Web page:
DOD IG to launch review of SPACECOM basing decision this month

February 22, 2021
In The News

By Courtney Albon

The Defense Department inspector general will launch a review this month of the Air Force's selection of the Army's Redstone Arsenal as the preferred permanent headquarters of U.S. Space Command.

 

"Specifically, we will evaluate the extent to which the Department of the Air Force: complied with DOD and Air Force policies during the selection process; used objective and relevant scoring factors to rank the six candidate locations; and calculated the cost and other scoring factors accurately and consistently among the six candidate locations," the IG said in a Feb. 19 memo.

 

The memo, addressed to the Air Force secretary, does not indicate how long the IG review is expected to take.

 

The Air Force announced its selection of Redstone Arsenal in Hunstville, AL, in January after an extended basing process that was restarted last May -- about a year after the service selected an initial slate of preferred locations -- due to a lack of transparency.

 

Redstone was one of six candidate locations identified in November as part of the revised selection process. The other five sites included Kirtland Air Force Base, NM; Offutt AFB, NE; Patrick AFB, FL; Peterson AFB, CO; and Port San Antonio, TX.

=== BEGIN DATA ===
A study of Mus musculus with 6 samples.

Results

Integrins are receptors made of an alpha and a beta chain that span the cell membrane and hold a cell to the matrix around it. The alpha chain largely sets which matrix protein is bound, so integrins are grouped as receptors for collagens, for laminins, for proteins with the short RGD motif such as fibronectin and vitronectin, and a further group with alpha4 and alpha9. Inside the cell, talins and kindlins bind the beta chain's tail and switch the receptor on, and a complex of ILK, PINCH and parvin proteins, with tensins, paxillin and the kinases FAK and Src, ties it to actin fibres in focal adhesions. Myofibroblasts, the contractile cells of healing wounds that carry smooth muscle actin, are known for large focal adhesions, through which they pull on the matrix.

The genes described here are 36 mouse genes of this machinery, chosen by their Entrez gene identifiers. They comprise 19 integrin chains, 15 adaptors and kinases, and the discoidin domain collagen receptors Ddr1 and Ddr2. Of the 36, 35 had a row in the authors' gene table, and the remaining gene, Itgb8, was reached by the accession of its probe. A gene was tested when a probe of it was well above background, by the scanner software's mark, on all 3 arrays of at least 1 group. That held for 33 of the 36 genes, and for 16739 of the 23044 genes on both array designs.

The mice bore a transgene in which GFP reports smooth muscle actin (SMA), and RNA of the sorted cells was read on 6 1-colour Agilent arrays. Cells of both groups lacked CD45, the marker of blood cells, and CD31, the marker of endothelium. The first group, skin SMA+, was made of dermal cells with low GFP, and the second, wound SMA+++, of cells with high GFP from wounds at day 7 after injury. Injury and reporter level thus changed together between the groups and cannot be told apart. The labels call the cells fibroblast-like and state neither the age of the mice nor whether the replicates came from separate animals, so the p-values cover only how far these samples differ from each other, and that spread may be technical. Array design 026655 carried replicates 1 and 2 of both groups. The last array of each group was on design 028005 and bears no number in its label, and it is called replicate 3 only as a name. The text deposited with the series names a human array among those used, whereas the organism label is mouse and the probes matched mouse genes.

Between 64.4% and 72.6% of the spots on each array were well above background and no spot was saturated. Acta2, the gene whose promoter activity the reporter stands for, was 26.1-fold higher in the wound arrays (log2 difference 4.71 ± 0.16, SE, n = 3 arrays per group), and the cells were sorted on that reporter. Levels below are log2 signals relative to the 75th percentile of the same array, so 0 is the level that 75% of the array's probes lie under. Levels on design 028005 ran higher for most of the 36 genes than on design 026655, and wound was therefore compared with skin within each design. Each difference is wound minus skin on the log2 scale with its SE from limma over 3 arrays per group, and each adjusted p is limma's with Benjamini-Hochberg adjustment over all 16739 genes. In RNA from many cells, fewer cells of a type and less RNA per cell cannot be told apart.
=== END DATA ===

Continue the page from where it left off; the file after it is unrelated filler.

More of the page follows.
Following the Air Force's announcement, some lawmakers, particularly the Colorado delegation, pushed back on the service's decision, claiming Redstone’s selection was influenced by the Trump administration.

 

Rep. Doug Lamborn (R-CO) said in a statement last week he requested the IG investigation soon after the Air Force announced its decision and has asked the Government Accountability Office to conduct its own review.

"It is imperative that we thoroughly review what I believe will prove to be a fundamentally flawed process that focused on bean-counting rather than American space dominance," Lamborn said. "I will continue working to ensure that this decision was made with neither political bias nor arbitrary and inappropriate metrics which will ultimately materially damage our national security and hamper Space Command's critical mission."